Make no mistake: The massive explosion that claimed the life of former Lebanese prime minister Rafiq Hariri in Beirut on February 14 was a direct challenge to President Bush’s Inaugural clarion call for democracy and freedom throughout the Middle East. And, though it may never be proved conclusively that Hariri’s murder was ordered by Damascus, the United States now faces a serious challenge: Working in concert with its allies abroad, the Bush administration must make clear to Damascus that it will no longer tolerate Syria’s occupation of Lebanon, its support of anti-democratic insurgents in Iraq, or its collusion with terror organizations like Hezbollah.
But, short of military force, what can the United States do to pressure, influence, and coerce the world’s remaining Baathist regime?
Thanks to the Syria Accountability and Lebanese Sovereignty Restoration Act–a bill cosponsored by Reps. Ileana Ros-Lehtinen (R., Fla.) and Eliot Engel (D., New York) and signed into law last year by President Bush–Washington already possesses an arsenal of punitive measures at its disposal. The White House has put some of these into practice, imposing provisions that bar Syrian aircraft from flying to the United States and prohibiting all U.S. exports to Syria aside from humanitarian supplies. Several supplemental measures, ranging from prohibitions on dual-use exports to smart sanctions against Syrian citizens linked to terrorism, are also in force.
These steps undoubtedly represent important symbolic gestures. Yet so far, such penalties have failed to curb Syria’s reckless behavior in Lebanon, Iraq, and beyond. Rather, as in the case of Libya, behavioral change in Damascus will come about only through a sustained U.S.-led effort designed to destabilize the one commodity that supplies the Syrian regime with most of its hard currency: oil.
Oil, after all, is the lynchpin of Syria’s fragile economy. The Syrian regime currently produces slightly more then 500,000 barrels per day, of which half is exported, primarily to a select group of European consumers. The revenue generated accounts for approximately 50 percent of Syria’s total export revenues–some $4 billion in 2004.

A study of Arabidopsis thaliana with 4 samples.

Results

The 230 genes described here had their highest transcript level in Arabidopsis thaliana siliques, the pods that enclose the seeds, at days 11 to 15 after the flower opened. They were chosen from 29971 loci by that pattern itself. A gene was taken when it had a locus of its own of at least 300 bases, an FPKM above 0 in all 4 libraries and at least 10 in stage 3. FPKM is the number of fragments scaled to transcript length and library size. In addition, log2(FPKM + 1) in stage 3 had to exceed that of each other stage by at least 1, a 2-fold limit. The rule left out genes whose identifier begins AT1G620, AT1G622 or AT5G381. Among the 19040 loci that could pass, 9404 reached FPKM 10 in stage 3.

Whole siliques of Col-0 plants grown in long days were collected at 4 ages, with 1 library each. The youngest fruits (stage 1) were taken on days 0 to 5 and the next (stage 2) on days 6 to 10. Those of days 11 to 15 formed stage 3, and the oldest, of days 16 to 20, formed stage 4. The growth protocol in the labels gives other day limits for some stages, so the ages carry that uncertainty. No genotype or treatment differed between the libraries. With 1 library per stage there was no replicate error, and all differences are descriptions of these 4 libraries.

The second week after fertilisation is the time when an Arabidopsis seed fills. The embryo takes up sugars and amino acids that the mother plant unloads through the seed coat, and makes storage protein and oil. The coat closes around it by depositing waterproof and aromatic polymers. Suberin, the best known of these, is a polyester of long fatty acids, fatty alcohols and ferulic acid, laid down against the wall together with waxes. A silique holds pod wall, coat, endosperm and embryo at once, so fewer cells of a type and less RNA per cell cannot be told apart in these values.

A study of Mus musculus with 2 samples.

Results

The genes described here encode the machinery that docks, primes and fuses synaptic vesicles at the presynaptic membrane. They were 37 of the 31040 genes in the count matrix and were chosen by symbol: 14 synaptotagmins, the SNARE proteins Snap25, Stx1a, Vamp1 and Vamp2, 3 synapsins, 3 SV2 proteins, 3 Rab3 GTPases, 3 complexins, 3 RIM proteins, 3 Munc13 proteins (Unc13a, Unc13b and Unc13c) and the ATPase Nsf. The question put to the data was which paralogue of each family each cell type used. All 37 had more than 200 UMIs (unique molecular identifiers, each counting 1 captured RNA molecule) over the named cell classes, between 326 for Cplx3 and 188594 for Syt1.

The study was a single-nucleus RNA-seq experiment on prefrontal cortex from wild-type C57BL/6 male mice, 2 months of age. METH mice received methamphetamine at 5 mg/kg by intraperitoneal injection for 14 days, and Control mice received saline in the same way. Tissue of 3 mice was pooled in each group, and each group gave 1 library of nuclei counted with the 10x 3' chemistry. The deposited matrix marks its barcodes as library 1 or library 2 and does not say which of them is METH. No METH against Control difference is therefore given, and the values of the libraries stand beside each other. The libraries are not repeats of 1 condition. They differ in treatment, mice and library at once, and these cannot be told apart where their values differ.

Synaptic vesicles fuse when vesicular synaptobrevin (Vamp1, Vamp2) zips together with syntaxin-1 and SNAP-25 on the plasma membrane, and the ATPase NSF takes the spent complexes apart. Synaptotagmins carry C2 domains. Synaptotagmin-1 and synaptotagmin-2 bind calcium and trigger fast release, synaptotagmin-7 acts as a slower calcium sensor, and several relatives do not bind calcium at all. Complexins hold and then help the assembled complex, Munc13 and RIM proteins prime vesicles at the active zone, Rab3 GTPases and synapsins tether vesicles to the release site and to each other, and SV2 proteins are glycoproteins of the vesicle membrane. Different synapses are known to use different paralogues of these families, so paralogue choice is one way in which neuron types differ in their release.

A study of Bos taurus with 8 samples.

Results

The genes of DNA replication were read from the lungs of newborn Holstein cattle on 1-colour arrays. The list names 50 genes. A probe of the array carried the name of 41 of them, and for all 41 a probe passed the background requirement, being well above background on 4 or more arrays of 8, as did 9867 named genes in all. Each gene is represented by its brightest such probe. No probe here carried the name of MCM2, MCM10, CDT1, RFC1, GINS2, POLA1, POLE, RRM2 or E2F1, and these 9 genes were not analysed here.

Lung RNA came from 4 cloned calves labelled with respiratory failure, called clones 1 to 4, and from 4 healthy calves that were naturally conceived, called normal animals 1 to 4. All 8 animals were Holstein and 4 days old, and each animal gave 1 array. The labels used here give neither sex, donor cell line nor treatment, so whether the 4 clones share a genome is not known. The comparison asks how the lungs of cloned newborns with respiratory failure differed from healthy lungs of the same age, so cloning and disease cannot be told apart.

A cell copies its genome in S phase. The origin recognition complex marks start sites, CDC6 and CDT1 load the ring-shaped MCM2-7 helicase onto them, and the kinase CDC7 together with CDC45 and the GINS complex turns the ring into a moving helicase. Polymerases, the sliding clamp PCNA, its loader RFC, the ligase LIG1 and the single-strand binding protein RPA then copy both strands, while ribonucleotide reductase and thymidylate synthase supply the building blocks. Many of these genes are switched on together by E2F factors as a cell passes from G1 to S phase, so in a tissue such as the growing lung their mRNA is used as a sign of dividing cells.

Prohibitions barring U.S.-based oil companies from operating in Syria, therefore, would cripple the regime’s principal economic engine. Without the American capital and petroleum technology required to sustain its declining oil production, Damascus will be hard pressed to finance purchases of Russian-made arms or its increasingly costly occupation of Lebanon.
There is certainly precedent for such a move. Over the last two years alone, two international energy giants, ConocoPhilips and TotalFinaElf, have pulled out of Syria in search of greener pastures for energy exploration and production. Giving other energy firms reason to follow suit would strike a serious blow against the Syrian regime’s capacity for regional troublemaking.
Moreover, international support for such a policy is growing. President Bush’s calls for the end of Syria’s occupation of Lebanon ahead of that country’s May parliamentary elections during his recent European tour found a receptive audience in European capitals. Moreover, French president Jacques Chirac’s February 22 declaration that France was ready to support U.N. sanctions against Syria has provided the U.S. with the diplomatic opening for an economic blockade designed to deprive Syria of its primary source of externally generated revenue.
If such economic pressure is not sufficient, however, less subtle options also exist. Hundreds of miles of cross-country pipelines that ship crude from the northeastern Syrian fields to aging refineries on the Mediterranean coast are vulnerable to sabotage. And a naval blockade of Syrian ports by U.S. or allied vessels could effectively terminate Syria’s crude export sales.
The resulting loss of revenue would have an immediate impact on Damascus, curtailing Syria’s capacity for rogue behavior. It would also send a clear signal to Syrian president Bashar al-Assad: resisting the spread of democracy in the Middle East could have perilous consequences.
–Paul Michael Wihbey is senior fellow in energy studies at the American Foreign Policy Council in Washington, D.C.